Stay the Course: Why Decreasing Online Brand Presence is a Bad Idea During an Economic Crisis

Every great challenge also brings with it a tremendous opportunity, and the coronavirus is an unprecedented challenge. Accordingly, it is also a huge opportunity for those who are willing to take action. Let’s look at some of the ways you can not only survive this trial but emerge from it in a stronger position than when it began.

Christian Thomson, Marwick Marketing

Maintaining Share of Mind
What is share of mind?

Essentially, it’s having your brand be what comes to mind when someone thinks about the type of service or product you offer. If someone is seeking to purchase a particular product and they think of you and one of your competitors, then you both have a share of that person’s mind.

You always want to be the first to come to mind for your customers, and maintaining that share of mind is especially important in difficult times, as it is less expensive than trying to rebuild when the situation becomes more stable again. Also, if you continue with your advertising while your competitor reduces or eliminates their own, your share of mind will increase automatically. Why?

By remaining top of mind for your consumer, you create an impression of normalcy and reliability that less visible competitors will not be able to match, thus positioning you for a quicker recovery and greater growth in the future.

Similarly, if your competition chooses to become more aggressive during this time, maintaining or even increasing your own advertising budget becomes absolutely essential.

Profit Gain/Loss in Recovery
In 1999, Tony Hiller conducted a study of 1,000 firms in the US and Europe, examining their financial and marketing data. He split the firms into three groups: those who decreased marketing and advertising during difficult times, those who maintained it at previous levels, and those who increased it.

The study revealed that the companies that reduced their spend lost 0.8% of their market share during the period of recovery. On the other hand, those that maintained their marketing and advertising increased their market share by 0.6% and those that increased their spend saw a market share increase of 4.3%!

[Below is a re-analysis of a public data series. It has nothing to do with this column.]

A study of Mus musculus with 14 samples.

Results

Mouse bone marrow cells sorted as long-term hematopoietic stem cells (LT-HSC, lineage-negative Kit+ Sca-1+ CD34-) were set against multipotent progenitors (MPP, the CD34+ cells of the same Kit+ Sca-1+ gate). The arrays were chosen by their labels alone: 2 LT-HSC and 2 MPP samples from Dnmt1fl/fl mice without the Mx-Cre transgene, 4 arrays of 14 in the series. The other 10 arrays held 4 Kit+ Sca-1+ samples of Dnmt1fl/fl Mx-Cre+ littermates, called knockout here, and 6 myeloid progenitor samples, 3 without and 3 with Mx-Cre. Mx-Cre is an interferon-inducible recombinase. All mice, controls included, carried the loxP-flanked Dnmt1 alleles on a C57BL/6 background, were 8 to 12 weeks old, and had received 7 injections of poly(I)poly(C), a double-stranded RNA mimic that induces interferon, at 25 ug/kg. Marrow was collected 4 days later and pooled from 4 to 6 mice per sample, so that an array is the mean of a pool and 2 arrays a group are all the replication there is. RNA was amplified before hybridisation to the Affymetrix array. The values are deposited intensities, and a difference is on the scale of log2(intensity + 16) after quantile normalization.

In another study (Binet, 2009), it was shown that cutting ad spending during an economic downturn resulted in firms seeing a 20 to 30 percent drop in sales and income over the next two years.

Psychological Segmentation
During times of economic hardship, the usual demographics (age, income, etc.) tend to carry less import than the emotional states of consumers. For this reason, it is of greater benefit to consider psychological segmentation, which can classify consumers several ways.

Slam-on-the-brakes customers are those who have been hit the hardest financially, and consequently are left feeling vulnerable. They react by eliminating unnecessary spending and decreasing and postponing other purchases. When this type of customer makes up your consumer base, you should focus on:

Pained-but-patient customers are more optimistic about long-term prospects, granting them a certain resiliency. They are typically less certain about the short term, however. They will aim to be more frugal, economizing wherever they can, but not as aggressively as a slam-on-the-brakes customer. They are the largest psychological segment, and from a wide range of income levels. They typically manage to avoid unemployment. With this type of customer base, you should be focusing on:

Comfortably-well-off customers seem largely unaffected by economic downturns, and are typically quite resilient in their ability to weather the storm. Their levels of consumption change considerably less than the other groups, though they tend to become more selective in their purchases. This group is comprised mostly of the top 5% income bracket, but also includes the less wealthy who feel secure in their finances. With this group as your primary base, focus on:

Live-for-today customers will typically be unconcerned about economic downturns and will continue as normal. Their concession to difficult times usually involves delaying significant purchases. For the most part, they are younger urbanites who will spend their money on experiences over possessions, though consumer electronics are a notable exception. Barring unemployment, they usually don’t make significant changes to their consumption. If these are your typical customer, focus on

Whatever sort of customer makes up your primary audience, they all will classify their purchases of products and services into the following four categories:

  • Essentials such as food. Items that are necessary for survival or viewed as indispensable.
  • Treats that may be considered indulgent, but still justifiable.
  • Postponeables that remain desirable, but which can be delayed for a time.
  • Expendables that cannot be justified and are unnecessary.

While your advertising would typically focus on demographics, economic downturns require a new approach and an understanding of the psychology that drives your audience. Most consumers will have at least some anxiety or concern about the change in their situation, and by relating to them on an emotional level, you will be more successful in connecting with them.

This is not the first economic downturn, nor will it be the last. History has shown that by being proactive, positive, and organized, your business can stage a strong recovery, rising to new heights. Don’t let fear and panic cause you to fall behind those with the vision of a better tomorrow.